The global therapeutic antibody drug conjugates (ADC) market is expected to grow to $4 billion by 2023, with double-digit approvals within three years, according to a new analysis in the CPhI Annual Report.
Vivek Sharma, CEO of Piramal Pharma Solutions, expects the global market for ADCs to grow at around 19% compound annual growth rate between 2017 and 2030 and reach an estimated value of $4 billion in the next five years, with 17 drugs that are either approved or in late stages of clinical development.
“The last few years have seen a progressive evolution of targets from first to second and third generation ADCs, which is now accelerating growth as new compounds are more targeted, more druggable, and potentially have a better chance for approval,” commented Sharma in an Oct. 9, 2018 press release issued by CPhI.
The understanding of site-specificity and homogenously conjugated ADCs has accelerated the FDA approval rate and has led to dramatic increase in the number of clinical trials, especially in solid tumors. In total, there are now 600 clinical trials being conducted worldwide on ADCs, with 202 ADCs entering clinical trials-out of which 116 are actively progressing, CPhI reports. There has been an increase of 30% clinical trials in the last 12 months with 23 new ADCs entering clinical trials.
The report outlines that contract manufacturing organizations (CMOs) and contract development and manufacturing organizations (CDMOs) are positioned to capitalize on this growing therapeutic product class, and may even lead to new business models, such as co-development partnerships, particularly amongst smaller- and medium-sized biotechs.
“The global market for ADCs is expected to be driven by the advancement in medical technology, rising incidence of cancer, and an increasing demand for biologic therapies, Sharma added. “In the quest for more targeted therapies and potentially more clinically efficacious drugs, bio/pharma companies are increasing their research and product development in biologics.”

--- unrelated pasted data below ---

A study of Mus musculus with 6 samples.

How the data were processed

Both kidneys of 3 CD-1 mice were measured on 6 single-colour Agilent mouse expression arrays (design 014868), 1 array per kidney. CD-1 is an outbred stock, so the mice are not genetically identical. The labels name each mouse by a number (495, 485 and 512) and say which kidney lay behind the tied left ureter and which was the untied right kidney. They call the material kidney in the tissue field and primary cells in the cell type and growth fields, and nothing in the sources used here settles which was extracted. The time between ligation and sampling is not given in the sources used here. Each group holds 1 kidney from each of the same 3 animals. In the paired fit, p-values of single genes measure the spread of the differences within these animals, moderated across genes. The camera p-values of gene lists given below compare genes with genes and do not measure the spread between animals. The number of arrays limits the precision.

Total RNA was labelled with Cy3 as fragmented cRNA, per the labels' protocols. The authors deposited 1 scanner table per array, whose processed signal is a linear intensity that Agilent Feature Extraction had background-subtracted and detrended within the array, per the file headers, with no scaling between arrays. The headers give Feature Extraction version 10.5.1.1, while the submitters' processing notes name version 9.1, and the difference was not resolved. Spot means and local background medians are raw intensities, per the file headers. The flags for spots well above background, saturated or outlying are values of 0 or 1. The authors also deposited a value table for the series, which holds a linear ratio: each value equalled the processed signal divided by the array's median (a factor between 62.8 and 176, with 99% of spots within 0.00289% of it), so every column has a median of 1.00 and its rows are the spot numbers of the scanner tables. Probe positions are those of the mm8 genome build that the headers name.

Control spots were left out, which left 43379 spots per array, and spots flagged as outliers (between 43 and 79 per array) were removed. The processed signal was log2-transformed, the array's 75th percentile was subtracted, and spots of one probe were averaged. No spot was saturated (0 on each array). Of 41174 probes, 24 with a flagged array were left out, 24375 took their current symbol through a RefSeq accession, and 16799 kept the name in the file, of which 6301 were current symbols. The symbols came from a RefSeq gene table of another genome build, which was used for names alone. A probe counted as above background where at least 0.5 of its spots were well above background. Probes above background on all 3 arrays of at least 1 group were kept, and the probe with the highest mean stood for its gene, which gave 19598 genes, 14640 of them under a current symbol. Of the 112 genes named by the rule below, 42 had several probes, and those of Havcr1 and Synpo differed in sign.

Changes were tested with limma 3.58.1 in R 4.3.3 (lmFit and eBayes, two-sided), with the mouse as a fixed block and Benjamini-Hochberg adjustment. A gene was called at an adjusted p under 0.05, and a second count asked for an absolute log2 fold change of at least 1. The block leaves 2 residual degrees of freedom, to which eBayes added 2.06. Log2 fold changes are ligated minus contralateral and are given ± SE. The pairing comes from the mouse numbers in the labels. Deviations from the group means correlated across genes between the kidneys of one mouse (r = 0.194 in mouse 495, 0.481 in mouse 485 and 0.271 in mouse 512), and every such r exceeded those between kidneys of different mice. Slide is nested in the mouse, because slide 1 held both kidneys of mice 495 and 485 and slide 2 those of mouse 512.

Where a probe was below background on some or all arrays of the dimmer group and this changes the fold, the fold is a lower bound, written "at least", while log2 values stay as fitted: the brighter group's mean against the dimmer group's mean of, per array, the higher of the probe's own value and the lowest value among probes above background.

Due to technical challenges associated with ADC manufacturing and the substantial investment involved on safety and hazardous material equipment, Vivek estimates that around 70% of ADC manufacturing is outsourced to CMOs. This is expected to rise, particularly for horizontally integrated CDMOs, along with co-development business models, driven by biotechs and smaller companies that need specialist development expertise and facilities, as stated by CPhI.
The annual report also highlights that ADCs are now being used in other therapeutic products classes beyond oncology. Specifically, ADCs are projected to provide more targeted therapeutics in infectious diseases (against multi-drug resistant bacteria) and chronic conditions such as autoimmune and cardiovascular diseases.
“The findings in the full CPhI annual report further reinforces that there is a clear bridge now forming between small- and large-molecule industries, with the cross-sharing of knowledge in the ADC market leading to less clinical attrition and greater approvals,” added Orhan Caglayan, CPhI Europe brand director, in the press release. “So whilst it is clearly good news for CPhI and bioLIVE-as we combine small- and large-molecule exhibitions in 2018-the market also looks extremely promising for CDMOs, and the wider outsourcing industry with over 70% of future manufacturing set to be contracted to specialist providers.”
The complete findings of the report, which include 11 in-depth expert contributions as well as the CPhI Manufacturing and Bio leagues tables, were released live at CPhI Worldwide 2018 in Madrid, Spain on Oct. 9–11, 2018.